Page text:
Laird Harrison

July 16, 2015

VIENNA — For patients with neovascular age-related macular degeneration, the experimental drug RTH258 (Alcon Pharmaceutical and Novartis) is as effective as aflibercept, but the volumes required are much smaller, two phase 2 clinical trials indicate.

The results suggest that RTH258 is effective when delivered with a micropump, said Rishi Singh, MD, from Case Western Reserve University in Cleveland, Ohio.

"You would have, basically, programmed therapy through the pump delivering the microvolume infusion," he told Medscape Medical News. "At different points in time, you could alter, or tune, the therapy to the patient's needs."

RTH258 is a single-chain antibody that is smaller than other drugs for macular degeneration, such as bevacizumab and ranibizumab, Dr Singh explained. "The compound has three potential benefits over other neovascular age-related macular degeneration agents."

First, it might allow the delivery of high molar concentrations, he explained. Second, it might allow better penetration to relevant tissues, an effect already seen in animal studies. And third, it might allow sustained delivery.

Dr Singh presented results from the two trials here at the American Society of Retina Specialists (ASRS) 2015 Annual Meeting.


In the phase 2 OSPREY trial, Dr Singh and his team compared outcomes in 44 patients treated with RTH258 6 mg and 45 patients treated with aflibercept 2 mg.

At baseline, mean best corrected visual acuity in the study cohort was 54.8 letters, and mean baseline central subfield foveal thickness was 493 μm. Of the 89 lesions, 49% were predominantly classic, 23% were minimally classic, and 28% were occult.

At 28-week follow-up, improvement in best corrected visual acuity was 5 to 7 letters in both groups.

At 44-week follow-up, the trend lines diverged: In the RTH258 group, the improvement over baseline was about 5 letters, and in the aflibercept group, the improvement over baseline was maintained or slightly improved out to week 56.

However, the improvements were statistically equivalent throughout the study, Dr Singh reported. Because of the small number of participants, the study had a low statistical power.

"It's important to remember these are phase 2 clinical trial designs," he said. "They are mainly to discuss trial design for phase 3, in which we'll eventually look at primary end points of efficacy," he pointed out.

At week 28, trend lines showed that the reduction in central subfield foveal thickness was greater in the RTH258 than in the aflibercept group, but at week 56, the reduction was similar in the two groups. Dr Singh called these effects "equal" as well.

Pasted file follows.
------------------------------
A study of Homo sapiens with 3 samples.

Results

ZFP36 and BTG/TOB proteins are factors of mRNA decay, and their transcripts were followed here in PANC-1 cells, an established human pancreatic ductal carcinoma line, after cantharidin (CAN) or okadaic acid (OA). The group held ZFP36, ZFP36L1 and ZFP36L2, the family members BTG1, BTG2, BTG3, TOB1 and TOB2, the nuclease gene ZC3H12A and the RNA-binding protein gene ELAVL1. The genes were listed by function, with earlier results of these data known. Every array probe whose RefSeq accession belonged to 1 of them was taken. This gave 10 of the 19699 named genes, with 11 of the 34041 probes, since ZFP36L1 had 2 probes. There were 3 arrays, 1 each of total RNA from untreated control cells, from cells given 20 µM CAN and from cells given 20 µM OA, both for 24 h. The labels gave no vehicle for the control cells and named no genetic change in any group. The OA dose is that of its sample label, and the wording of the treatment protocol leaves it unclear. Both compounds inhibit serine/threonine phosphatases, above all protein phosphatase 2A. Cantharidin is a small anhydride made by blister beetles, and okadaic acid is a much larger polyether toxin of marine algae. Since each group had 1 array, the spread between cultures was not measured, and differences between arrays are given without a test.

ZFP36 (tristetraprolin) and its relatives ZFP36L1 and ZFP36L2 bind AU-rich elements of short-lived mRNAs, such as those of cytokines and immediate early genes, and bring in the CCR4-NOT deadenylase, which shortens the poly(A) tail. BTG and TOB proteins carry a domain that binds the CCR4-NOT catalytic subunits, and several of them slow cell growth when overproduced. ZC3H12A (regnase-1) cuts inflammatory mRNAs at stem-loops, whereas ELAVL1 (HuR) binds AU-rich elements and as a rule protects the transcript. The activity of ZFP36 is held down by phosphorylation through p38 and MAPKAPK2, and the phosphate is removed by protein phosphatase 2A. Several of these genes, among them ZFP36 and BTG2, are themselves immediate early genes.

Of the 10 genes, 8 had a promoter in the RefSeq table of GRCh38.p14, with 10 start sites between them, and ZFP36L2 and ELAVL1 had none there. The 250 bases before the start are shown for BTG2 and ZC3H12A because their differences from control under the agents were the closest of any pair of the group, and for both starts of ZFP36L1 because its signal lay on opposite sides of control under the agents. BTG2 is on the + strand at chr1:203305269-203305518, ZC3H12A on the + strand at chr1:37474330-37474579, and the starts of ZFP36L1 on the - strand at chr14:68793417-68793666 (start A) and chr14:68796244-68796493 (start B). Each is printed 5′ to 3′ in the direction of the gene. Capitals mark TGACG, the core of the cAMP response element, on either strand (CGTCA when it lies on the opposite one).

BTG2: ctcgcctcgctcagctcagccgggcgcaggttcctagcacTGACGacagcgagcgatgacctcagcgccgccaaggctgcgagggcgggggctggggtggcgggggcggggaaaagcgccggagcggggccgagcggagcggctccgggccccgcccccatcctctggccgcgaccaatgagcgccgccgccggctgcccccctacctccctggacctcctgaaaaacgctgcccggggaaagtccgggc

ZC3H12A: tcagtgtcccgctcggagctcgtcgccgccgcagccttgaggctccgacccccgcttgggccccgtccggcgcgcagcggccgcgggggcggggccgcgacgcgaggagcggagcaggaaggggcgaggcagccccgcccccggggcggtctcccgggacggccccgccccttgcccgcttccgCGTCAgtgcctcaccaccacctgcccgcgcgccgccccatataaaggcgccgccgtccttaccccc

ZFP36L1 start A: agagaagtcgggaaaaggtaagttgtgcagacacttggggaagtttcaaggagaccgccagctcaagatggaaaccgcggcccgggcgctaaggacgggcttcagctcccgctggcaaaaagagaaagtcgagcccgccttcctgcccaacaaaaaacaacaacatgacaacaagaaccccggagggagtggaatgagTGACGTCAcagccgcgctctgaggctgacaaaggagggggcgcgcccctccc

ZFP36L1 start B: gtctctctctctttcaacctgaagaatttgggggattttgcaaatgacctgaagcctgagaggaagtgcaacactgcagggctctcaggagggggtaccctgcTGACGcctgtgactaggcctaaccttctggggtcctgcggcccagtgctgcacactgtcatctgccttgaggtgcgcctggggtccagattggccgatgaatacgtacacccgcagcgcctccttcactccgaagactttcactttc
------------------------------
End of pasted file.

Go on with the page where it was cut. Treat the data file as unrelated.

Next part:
The incidence of treatment-emergent adverse events was also similar in the two groups, he said.

However, by 56 weeks, there was a significant difference in the number of injections received by patients in the RTH258 and aflibercept groups (324 vs 372).

In the second study, a microvolume study, Dr Singh and colleagues compared outcomes in 13 patients randomly assigned to treatment with 1.2 mg of a 10-μL injection of RTH258 and 13 patients treated with an infusion of 1 mg in 8.3 μL RTH258.

Microvolume Study

For the primary end point, patients had to meet at least three of the following four criteria: a gain in best corrected visual acuity of at least four letters at day 14 or at day 28, and a decrease in central subfield foveal thickness of at least 80 μm at day 14 or at day 28.

This was met by 70% of patients in the injection group and by 60% in the infusion group.

"The microvolume study showed that we were able to deliver a small volume of infusion, which may enable sustained intravitreal delivery via a micropump," Dr Singh said.

The manufacturers are developing both the drug and the pump to go with it, he reported. The pump will be refilled with injections, but the injections will be less frequent than those used to administer drugs currently available for age-related macular degeneration.

We can get excited about this, but it has to translate to phase 3 results. Dr Timothy Murray

If successful, such an approach could pay big dividends, said session moderator Timothy Murray, MD, from Miami, Florida.

Intravitreal injections cause patients discomfort and cost society a lot of money, he told Medscape Medical News. It is encouraging to see that RTH258 reduced the number of injections needed.

"With microinjections, there may be fewer complications," he added. For example, they might not cause the temporary increase in intraocular pressure seen with the injections of the currently available drugs.

However, he cautioned that these results are preliminary: "We can get excited about this, but it has to translate to phase 3 results," he said.

Dr Singh reports that he has consulted for Alcon, Bausch + Lomb, Genentech, Regeneron, Shire, and Zeiss. Dr Murray reports that he has consulted for Alcon.

American Society of Retina Specialists (ASRS) 2015 Annual Meeting. Presented July 11, 2015.